In the home stretch heading into the 508 this weekend... trying to take it easy, eat, drink, sleep... and blog a little.
Still thrown by the news of Steve Jobs passing. Stay hungry, stay foolish.
Neal Stephenson: Innovation Starvation. "The vast and radical innovations of the mid-20th century took place in a world that, in retrospect, looks insanely dangerous and unstable." An interesting rant by a great thinker.
So yesterday Apple announced the iPhone 4S - Tim Cook's first product announcement since taking over as CEO - and I gather it went well. IOS 5, faster processor, spiffy new camera, and (yay!) dual-band support, now supported by Sprint. The last is the most important to me; I've loved my iPhone, but I haven't loved Verizon, and I'm *so* ready to switch back to Sprint. I'm hoping to get out of my two-year contract based on the consistently poor reception I've experienced at my house; fXf! With all the rumors swirling, it was good to get the concrete announcement, whew.
Here's a review of the announcement ... in 90 seconds. Great job of editing it down :)
This looks cool: Researchers transform iPhone into microscope. And that was the old 5Mp iPhone 4, imagine what could be done with the new 8Mp iPhone 4S? They've already disrupted low-end cameras, maybe they'll disrupt low-end microscopes too.
Science: Women who make more decisions have less sex. Not sure about the causality here, could it be that women who have less sex [have to] make more decisions?
Saw and enjoyed Moneyball. A great movie made from a great book. It couldn't have been easy to boil down the entire book into one movie which captured the essence, but that's what they did; similar in fact to what Michael Lewis does when he writes in the first place.
New York Magazine: It's good to be Michael Lewis.
Tesla Model S prototypes are out and being shown, and apparently there will be a sportier version of the all-electric sedan, too. Wow I can't wait. This could be our next car. We have a 10-year old Jaguar sedan which is mostly used for tooling around town...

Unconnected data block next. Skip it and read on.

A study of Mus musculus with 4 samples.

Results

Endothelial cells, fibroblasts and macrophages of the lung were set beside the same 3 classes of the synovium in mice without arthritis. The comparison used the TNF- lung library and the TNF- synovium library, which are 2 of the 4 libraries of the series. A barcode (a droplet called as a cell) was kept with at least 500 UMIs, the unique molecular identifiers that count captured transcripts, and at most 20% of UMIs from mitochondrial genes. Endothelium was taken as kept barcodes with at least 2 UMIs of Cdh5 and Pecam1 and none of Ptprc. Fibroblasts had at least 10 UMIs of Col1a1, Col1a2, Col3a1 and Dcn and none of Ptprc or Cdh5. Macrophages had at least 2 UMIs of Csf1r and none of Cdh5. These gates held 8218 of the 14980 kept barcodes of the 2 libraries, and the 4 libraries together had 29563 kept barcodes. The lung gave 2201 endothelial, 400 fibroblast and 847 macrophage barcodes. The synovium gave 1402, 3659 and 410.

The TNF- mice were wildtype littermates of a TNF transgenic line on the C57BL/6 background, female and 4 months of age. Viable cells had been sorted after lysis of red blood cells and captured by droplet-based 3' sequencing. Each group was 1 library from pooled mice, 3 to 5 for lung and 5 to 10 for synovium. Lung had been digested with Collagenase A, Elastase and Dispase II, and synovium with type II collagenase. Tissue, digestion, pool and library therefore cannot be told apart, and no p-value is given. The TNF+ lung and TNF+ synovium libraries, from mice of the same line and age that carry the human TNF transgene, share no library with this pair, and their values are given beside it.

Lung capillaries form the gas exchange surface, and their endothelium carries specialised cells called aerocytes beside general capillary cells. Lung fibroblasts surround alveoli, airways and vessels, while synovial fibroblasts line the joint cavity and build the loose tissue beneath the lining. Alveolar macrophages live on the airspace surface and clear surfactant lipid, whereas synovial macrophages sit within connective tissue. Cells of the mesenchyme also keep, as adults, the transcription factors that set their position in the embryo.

With the advent of the new Kindles (including the Fire) I've been ruminating on ebooks. What's interesting is that ebooks are potentially a disruptive technology; could be the "publishers" who are successful in ebooks will be different from those who were in pbooks. That's what is happening with music. Perhaps there will be a Pandora-like service to find us new books?
Wired ran a great flashback article: 10/3/47, Birth of Palomar's 'Giant Eye'. The 200 inch mirror took 10 years to polish - by hand! I've visited the observatory and seen the telescope itself, quite amazing, especially when you consider the technology available when it was built.
Fran Tarkenton imagines the NFL run like our public schools: "Each player’s salary is based on how long he’s been in the league. It’s about tenure, not talent. The same scale is used for every player, no matter whether he’s an All-Pro quarterback or the last man on the roster." Communism never works.
Related: The Jobs Agenda. "I don’t know what Steve Jobs’s politics were, I don’t much care, and in any case they are beside the point. The late Mr. Jobs stood for something considerably better than politics. He stood for the model of the world that works... Once you figure out why your cell phone gets better and cheaper every year but your public schools get more expensive and less effective, you can apply that model to answer a great many questions about public policy." Indeed. Highlight is mine.
ZooBorn of the day: a baby Langur. Apparently they are born bright orange, and turn black within six months. How excellent. Interesting to wonder about this adaptation; is this so their parents can easily find them when they're lost?
And so tomorrow is the Big Game. Yeah, you know ... Westlake vs Oaks Christian. Go Lions!